Arianism met with similar opposition at the same period in Osröene; but in the Cappadocias, Providence allotted such a divine and most educated pair of men, -- Basil, the bishop of Cæsarea in that country, and Gregory, bishop of Nazianzen. Syria and the neighboring provinces, and more especially the city of Antioch, were plunged into confusion and disorder; for the Arians were very numerous in these parts, and had possession of the churches. The members of the Catholic Church were not, however, few in number. They were called Eustathians and Paulinists, and were under the guidance of Paulinus and Meletius, as has been before stated. It was through their instrumentality that the church of Antioch was preserved from the encroachments of the Arians, and enabled to resist the zeal of the emperor and of those in power about him. Indeed, it appears that in all the churches which were governed by brave men, the people did not deviate from their former opinions.
It is said that this was the cause of the firmness with which the Scythians adhered to their faith. There are in this country a great number of cities, villages, and fortresses. The metropolis is called Tomi; it is a large and populous city, and lies on the sea-shore to the left of one sailing to the sea, called the Euxine.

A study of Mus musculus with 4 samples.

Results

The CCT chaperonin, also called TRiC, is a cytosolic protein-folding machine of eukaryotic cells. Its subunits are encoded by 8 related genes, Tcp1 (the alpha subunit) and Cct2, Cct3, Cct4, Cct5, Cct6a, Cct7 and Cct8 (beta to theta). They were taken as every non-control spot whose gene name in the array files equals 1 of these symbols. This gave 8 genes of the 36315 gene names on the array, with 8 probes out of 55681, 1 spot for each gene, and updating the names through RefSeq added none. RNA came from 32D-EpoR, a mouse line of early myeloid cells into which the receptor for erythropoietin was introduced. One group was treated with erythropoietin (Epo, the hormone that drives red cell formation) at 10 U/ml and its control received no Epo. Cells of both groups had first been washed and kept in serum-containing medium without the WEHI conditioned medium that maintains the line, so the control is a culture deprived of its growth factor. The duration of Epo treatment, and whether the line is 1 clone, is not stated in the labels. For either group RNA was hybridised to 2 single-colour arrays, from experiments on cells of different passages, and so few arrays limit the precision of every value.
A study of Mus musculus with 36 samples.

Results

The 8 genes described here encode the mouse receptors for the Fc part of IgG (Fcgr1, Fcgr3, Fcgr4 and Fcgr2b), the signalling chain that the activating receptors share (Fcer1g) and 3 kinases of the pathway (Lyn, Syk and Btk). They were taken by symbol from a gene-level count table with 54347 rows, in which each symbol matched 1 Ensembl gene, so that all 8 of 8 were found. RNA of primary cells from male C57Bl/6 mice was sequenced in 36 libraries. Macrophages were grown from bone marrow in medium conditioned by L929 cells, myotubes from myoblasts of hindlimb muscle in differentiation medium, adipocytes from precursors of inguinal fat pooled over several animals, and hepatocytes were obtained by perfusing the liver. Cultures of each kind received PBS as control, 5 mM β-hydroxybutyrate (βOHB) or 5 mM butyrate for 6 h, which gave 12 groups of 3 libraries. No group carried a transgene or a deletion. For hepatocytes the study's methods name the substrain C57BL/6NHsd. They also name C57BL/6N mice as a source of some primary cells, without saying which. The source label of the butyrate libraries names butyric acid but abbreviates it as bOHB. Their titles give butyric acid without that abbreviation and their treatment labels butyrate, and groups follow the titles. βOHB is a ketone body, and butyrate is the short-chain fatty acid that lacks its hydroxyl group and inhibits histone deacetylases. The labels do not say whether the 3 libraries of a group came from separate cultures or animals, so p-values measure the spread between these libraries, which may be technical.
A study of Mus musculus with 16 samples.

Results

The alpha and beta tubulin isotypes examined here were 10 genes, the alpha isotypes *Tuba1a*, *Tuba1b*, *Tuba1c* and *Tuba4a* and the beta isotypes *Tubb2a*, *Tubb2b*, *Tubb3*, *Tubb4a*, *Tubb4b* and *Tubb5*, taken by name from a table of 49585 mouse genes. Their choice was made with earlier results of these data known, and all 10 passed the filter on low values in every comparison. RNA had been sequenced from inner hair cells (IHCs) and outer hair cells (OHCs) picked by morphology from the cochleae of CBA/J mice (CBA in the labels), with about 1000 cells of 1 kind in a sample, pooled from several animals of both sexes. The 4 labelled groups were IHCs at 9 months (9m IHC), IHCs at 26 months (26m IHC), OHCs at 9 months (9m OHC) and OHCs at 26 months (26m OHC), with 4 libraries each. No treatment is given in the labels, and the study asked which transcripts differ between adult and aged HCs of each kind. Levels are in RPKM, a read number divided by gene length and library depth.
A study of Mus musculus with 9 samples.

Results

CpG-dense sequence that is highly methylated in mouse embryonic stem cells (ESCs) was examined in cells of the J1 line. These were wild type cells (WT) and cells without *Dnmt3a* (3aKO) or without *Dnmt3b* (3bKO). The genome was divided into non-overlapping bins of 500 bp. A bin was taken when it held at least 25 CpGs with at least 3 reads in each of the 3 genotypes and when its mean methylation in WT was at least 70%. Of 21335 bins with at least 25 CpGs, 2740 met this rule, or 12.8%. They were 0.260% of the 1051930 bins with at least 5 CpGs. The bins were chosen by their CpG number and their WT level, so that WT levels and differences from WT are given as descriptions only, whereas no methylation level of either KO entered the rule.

According to an ancient custom which still prevails, all the churches of the whole country are under the sway of one bishop.
Vetranio ruled over these churches at the period that the emperor visited Tomi. Valens repaired to the church, and strove, according to his usual custom, to gain over the bishop to the heresy of Arius; but this latter manfully opposed his arguments, and after a courageous defense of the Nicene doctrines, quitted the emperor and proceeded to another church, whither he was followed by the people. Almost the entire city had crowded to see the emperor, for they expected that something extraordinary would result from this interview with the bishop.
Valens was extremely offended at being left alone in the church with his attendants, and in resentment, condemned Vetranio to banishment. Not long after, however, he recalled him, because, I believe, he apprehended an insurrection; for the Scythians were offended at the absence of their bishop.
He well knew that the Scythians were a courageous nation, and that their country, by the position of its places, possessed many natural advantages which rendered it necessary to the Roman Empire, for it served as a barrier to ward off the barbarians.
Thus was the intention of the ruler openly frustrated by Vetranio. The Scythians themselves testify that he was good in all other respects and eminent for the virtue of his life.
The resentment of the emperor was visited upon all the clergy except those of the Western churches; for Valentinian, who reigned over the Western regions, was an admirer of the Nicene doctrines, and was imbued with so much reverence for religion, that he never imposed any commands upon the priests, nor ever attempted to introduce any alteration for better or for worse in ecclesiastical regulations. Although he had become one of the best of emperors, and had shown his capacity to rule affairs, he considered that ecclesiastical matters were beyond the range of his jurisdiction.